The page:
June 7, 2007 -- The impact of the information age on education will be transformative and unavoidable, so higher education institutions should be engaging in bold experimentation to reinvigorate their utility to society, suggested Ann Kirschner, the University Dean of Macaulay Honors College at the City University of New York, in her keynote speech at the first annual New Horizons in Teaching and Research Conference.
Kirschner's speech on May 21 to an audience of about 100 kicked off the four-day conference examining how technology can enhance education. Kirschner, who received a master’s in English in 1973 from U.Va., shared lessons from her years working on the Fathom Knowledge Network, a pioneering online consortium of 14 educational institutions (museums and libraries as well as universities including Columbia and Cambridge) in the United States and Britain. Fathom’s mission was to “link a global community of adult learners with quality educational and cultural resources,” she said.
Unlike for-profit institutions such as the University of Phoenix, Fathom has never been a commercial success, said Kirschner, in part because of the reluctance of its member institutions to harness technology that could deliver their educational products to much larger populations, which would dilute the scarcity of their products that undergirds prestige. She noted that management icon Peter Drucker warned in 1999 that traditional universities would not survive the evolution of distance learning.
So far, that prediction has not come to pass, but Kirschner warned that traditional universities, "don’t have all the time in the world to get it right” in terms of incorporating and adapting the new technologies of distance learning. The roots of most educational institutions in agricultural and industrial eras are now outmoded and threaten to hold back progress, she argued. Fewer and fewer students every year are attending only one school, the average student continues to get older—driving more demand for flexible schooling hours—and more and more students are enrolling in at least some form of online education, noted Kirschner. There is whole movement of online virtual high schools that can be much more responsive to the special needs of individual students, such as dynamically speeding up and slowing down the pace of a curriculum. "No university will — or should — remain unaffected in the long run," she said.
Kirschner's speech opened discussions about technology in education that continued over the next three days in dozens of free workshops and demos, many led by fellow faculty and IT specialists harnessing digital tools in pioneering ways.
One of several themes explored by the over 500 total participants was how to engage students more in the classroom. Professors across departments share many of the same problems — spotty attendance when presentations are offered online after class, and the temptation of laptops with wireless Internet, which can be used just as easily to check sports scores in class as to take notes. That's why sessions on topics such as "clickers in the classroom," maximizing PowerPoint's capabilities, using U.Va.-developed Collab software or other online wiki tools, and creating curriculum podcasts were so well attended. Faculty at the conference were eager to learn ways to keep up with changing technologies that could better engage students.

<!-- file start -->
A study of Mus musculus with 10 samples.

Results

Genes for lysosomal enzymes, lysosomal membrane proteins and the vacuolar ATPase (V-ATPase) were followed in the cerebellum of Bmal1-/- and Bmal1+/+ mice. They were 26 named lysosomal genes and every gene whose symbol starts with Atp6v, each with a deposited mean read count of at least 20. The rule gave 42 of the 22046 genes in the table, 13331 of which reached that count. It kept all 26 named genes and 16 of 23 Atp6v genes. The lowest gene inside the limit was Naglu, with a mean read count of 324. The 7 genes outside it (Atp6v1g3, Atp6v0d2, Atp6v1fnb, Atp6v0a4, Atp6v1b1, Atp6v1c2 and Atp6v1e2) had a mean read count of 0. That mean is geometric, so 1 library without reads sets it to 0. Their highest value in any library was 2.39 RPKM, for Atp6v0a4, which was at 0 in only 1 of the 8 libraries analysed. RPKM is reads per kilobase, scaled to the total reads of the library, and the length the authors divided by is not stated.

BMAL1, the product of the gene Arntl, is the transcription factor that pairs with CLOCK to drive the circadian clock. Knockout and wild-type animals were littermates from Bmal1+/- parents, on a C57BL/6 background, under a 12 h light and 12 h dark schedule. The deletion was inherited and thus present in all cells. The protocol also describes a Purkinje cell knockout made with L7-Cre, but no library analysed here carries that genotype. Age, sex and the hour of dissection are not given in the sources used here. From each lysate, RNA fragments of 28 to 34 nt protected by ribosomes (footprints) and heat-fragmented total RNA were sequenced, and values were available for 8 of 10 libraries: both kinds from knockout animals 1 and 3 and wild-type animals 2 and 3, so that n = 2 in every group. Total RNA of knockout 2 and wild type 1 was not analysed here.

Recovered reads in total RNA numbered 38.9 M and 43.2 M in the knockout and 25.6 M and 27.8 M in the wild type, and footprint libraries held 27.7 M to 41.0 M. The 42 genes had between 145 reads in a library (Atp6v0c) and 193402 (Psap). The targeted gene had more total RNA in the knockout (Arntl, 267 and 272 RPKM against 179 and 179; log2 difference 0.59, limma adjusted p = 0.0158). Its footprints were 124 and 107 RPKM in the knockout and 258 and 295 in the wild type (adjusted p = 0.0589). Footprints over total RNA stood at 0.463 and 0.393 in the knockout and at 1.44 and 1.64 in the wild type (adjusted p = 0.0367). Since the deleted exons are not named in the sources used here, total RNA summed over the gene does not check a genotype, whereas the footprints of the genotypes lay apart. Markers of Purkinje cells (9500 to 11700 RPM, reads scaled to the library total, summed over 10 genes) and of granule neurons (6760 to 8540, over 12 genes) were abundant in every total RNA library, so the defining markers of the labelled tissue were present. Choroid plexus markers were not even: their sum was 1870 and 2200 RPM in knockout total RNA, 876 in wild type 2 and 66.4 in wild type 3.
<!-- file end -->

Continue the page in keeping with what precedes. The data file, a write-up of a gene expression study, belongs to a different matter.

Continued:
For example, in one session astronomy professor Ed Murphy shared how using "clickers"—tiny handheld wireless input devices with 12 buttons, like a simplified TV remote control—have changed the way his introductory astronomy students learn. In class, he stops lecturing every five or ten minutes to "poll" students on a question related to the material. The students use the devices to "click" their answer, and the responses are received and tallied instantaneously by a wireless receiver connected to Murphy's laptop. Within seconds, he can gauge whether students are grasping the topic at hand or whether more class discussion would be helpful. At the same time, Murphy noted, the clickers prevent students from feeling embarrassed if they gave a wrong answer — important in a class of over 100 of their peers.
At the end of each semester, Murphy distributes a questionnaire asking students whether the clickers have positively impacted their learning experience. "I wanted to see whether it was just better for me, or if clickers were better for students too," he said. "Consistently, about 78 to 80 percent of students say it has greatly or somewhat positively affected their understanding of astronomy," he added. "Because of clickers, I believe my attendance is higher, students participate more in class discussion, and they understand more of the subject matter."
The New Horizons conference was sponsored by the U.Va. Library, Information Technology & Communication and the Arts and Sciences Center for Instructional Technology. As University Librarian Karin Wittenborg noted at the opening event, often the great digital education work done at U.Va. is known internationally but not here at U.Va. The conference served to cross-pollinate and disseminate the educational innovations already in use here (and in development), and "enabling digital scholarship is one of the ways we can enable future teaching and learning at U.Va."